Laura Lake Campground – Wisconsin
Nestled along the east boarder of the Nicolet National Forest lies a wonderful spot to camp called Laura Lake Campground. It was the second of two campgrounds that we stayed at during our 10 day camping trip last year. We wanted to visit this campground specifically because it was one of the highest recommended places in the book, The Best in Tent Camping – Wisconsin. After arriving and picking our campsite, we quickly realized why this campground had come so highly recommended and it wasn’t long before we dubbed it one of the best campgrounds we have been to so far.
Like many of the other Nicolet National Forest campgrounds, this one is out in the middle of nowhere. The nearest town is about a 15 minute drive and it has a couple of gas stations, a couple of bars, and that’s about it. The location makes it ideal to enjoy camping at its best. There isn’t a noisy highway nearby and there aren’t even a lot of houses nearby either. It is tucked away in a forest, away from civilization, like a good campground should be.
Keep in mind that this is a National Forest and not a State/National Park. One of the differences between the two is that there are not a lot of natural or historic features to explore. It’s just a humble forest with two beautiful lakes, but don’t let that fool you into thinking that it isn’t worth visiting. It is a great place to camp. The two lakes that are located at the campground are Gordon Lake and Laura Lake. Both are beautiful lakes with crystal clear water. I have never visited a lake quite like these. They are beautifully clean; clear of pollution and they don’t even have thick plant growth or murky waters. While we were kayaking around Laura Lake, there wasn’t a single spot that I didn’t want to jump in the water and swim around. And there is actually a designated spot for swimming at Gordon Lake. Both lakes are surrounded by forest and seem to be popular with fisherman. Only electric motors are allowed on Laura Lake though, so that makes it a great paddling lake. Both lakes have boat ramps. In addition to the lakes there is a hiking trail (about 2 miles long) that goes around Laura Lake. It takes you along the shoreline and the forest. It is a great hike to stretch your legs and enjoy the scenery.
The campsites are spacious and well spaced from each other. They are lined up along the south edge of Laura Lake and most sites are less than 100 feet from the water. They have dirt floors and plenty of shade. There are three loops of campsites. Each has their own pit toilets and pump for water. The pit toilets were decent and the water from the pump is clean and makes great drinking water.
If you plan to camp here, be prepared. Make sure you have the gear you need, because the closest city is quite a drive. The gas stations have some supplies, but not a lot. We had our first flat tire with our Honda Element while we were camping at Laura Lake. In order to get a replacement tire we had to drive about an hour to Iron Mountain, Michigan. Even though we had to take the out-of-the-way trip, it was still worth camping this far from civilization. The lack of traffic and people in the area was really refreshing.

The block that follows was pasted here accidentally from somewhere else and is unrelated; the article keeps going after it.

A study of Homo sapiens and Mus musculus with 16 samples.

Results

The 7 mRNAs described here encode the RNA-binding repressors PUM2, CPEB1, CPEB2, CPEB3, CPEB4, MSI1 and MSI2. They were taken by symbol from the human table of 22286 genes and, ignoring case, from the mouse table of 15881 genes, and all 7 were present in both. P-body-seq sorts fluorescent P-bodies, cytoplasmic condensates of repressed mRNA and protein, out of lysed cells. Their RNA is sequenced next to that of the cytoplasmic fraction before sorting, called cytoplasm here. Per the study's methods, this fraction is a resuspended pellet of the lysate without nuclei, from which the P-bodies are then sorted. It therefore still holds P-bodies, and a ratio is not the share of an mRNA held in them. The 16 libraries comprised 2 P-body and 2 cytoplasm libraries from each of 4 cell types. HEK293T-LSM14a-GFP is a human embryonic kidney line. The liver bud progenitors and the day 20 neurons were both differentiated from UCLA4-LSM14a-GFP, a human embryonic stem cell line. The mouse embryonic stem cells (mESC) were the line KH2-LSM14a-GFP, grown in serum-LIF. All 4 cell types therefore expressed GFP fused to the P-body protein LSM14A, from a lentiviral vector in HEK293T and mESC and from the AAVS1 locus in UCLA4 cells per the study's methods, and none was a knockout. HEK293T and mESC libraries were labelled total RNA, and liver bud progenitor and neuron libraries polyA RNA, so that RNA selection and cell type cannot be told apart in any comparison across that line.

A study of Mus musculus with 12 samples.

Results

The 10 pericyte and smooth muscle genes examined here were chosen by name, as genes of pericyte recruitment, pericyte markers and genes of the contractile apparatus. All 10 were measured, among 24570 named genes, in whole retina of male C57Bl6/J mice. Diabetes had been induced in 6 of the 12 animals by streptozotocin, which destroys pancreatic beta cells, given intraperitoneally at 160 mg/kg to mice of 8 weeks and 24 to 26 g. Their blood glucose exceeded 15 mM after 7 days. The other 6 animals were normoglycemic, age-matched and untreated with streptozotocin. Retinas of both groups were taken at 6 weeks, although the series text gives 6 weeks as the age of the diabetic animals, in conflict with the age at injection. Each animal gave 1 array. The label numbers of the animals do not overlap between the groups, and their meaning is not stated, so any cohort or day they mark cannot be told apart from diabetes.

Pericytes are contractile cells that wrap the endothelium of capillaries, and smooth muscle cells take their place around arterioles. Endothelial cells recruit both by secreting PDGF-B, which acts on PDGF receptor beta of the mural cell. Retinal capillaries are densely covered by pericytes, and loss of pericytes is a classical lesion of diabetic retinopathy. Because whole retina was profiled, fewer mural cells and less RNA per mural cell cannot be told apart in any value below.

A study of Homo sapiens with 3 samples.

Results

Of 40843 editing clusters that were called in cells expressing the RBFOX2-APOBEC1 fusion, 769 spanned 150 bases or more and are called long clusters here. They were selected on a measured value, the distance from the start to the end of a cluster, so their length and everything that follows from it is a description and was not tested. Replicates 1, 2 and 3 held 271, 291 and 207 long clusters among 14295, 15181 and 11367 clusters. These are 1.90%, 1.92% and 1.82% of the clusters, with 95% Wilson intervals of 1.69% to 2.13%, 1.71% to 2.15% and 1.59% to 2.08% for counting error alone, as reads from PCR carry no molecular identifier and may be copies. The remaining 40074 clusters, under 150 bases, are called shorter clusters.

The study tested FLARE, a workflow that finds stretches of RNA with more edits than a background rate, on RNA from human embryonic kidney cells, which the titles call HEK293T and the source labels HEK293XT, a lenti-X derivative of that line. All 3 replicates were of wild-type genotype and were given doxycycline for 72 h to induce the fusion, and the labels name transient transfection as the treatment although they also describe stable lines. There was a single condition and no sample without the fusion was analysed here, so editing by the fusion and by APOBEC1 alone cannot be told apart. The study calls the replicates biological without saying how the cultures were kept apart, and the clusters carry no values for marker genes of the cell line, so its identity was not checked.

There are 41 total campsites. Loop 1 consists of sites 1-15. This loop is probably the most open of the three. There is not much brush or privacy between the sites and this seemed to be a popular loop with the RVs. Loop 1 is also the closest to the water. A few campers had their boats on the shore right up next to their campsite. Loop 2 consists of sites 16-26. In my opinion this was the best loop. It is surrounded by thicker forest than loop 1, but it is still relatively close to the water. It was very easy for us to carry our kayaks the 75 feet or so from our campsite to the water. Loop 3 consists of sites 27-41. it is a little further away from the other two loops and is located around a small incline. The sites on loop 3 had the best privacy, but were also the furthest distance from the water. No matter what kind of camping you like to do, you should be able to find a spot that you like. Also, keep in mind that this is a popular camping spot on the weekends. During Memorial Day weekend the campground had pretty much filled up. On the weekdays though, it was relatively open.
We ended up staying at site 18. This was a large site that was for tents only (Site 20 is like this as well). It has a small area to park your vehicle and then there is a set of stairs that takes you down to your campsite. There was plenty of room to set up our tent, park the kayaks, and set up the hammock. The site was surrounded by forest and a nice breeze could be felt from the nearby lake. Even though we were close to the lake, I was surprised to find a lack of mosquitoes. I think we might have seen a few, but that was it. However, there was a noticeable amount of spiders in this area. Not enough that you should avoid this campground, but just be prepared to brush them off the table in the morning. Overall, we loved our campsite so much that we ended up skipping the last campsite that we were going to go to and just spent the rest of the week at Laura Lake.
The Nicolet National Forest brochure describes the campground the best, “If you could create a perfect campground what would it include? For setting, maybe it should lie between two beautiful lakes. Of course, the lakes would be clear, with good fishing and excellent swimming. There would need to be a trail circling one of those beautiful lakes for scenic walks. And naturally, there would be no development on either lake. Sound perfect? Don’t bother creating it. It already exists at Laura Lake.”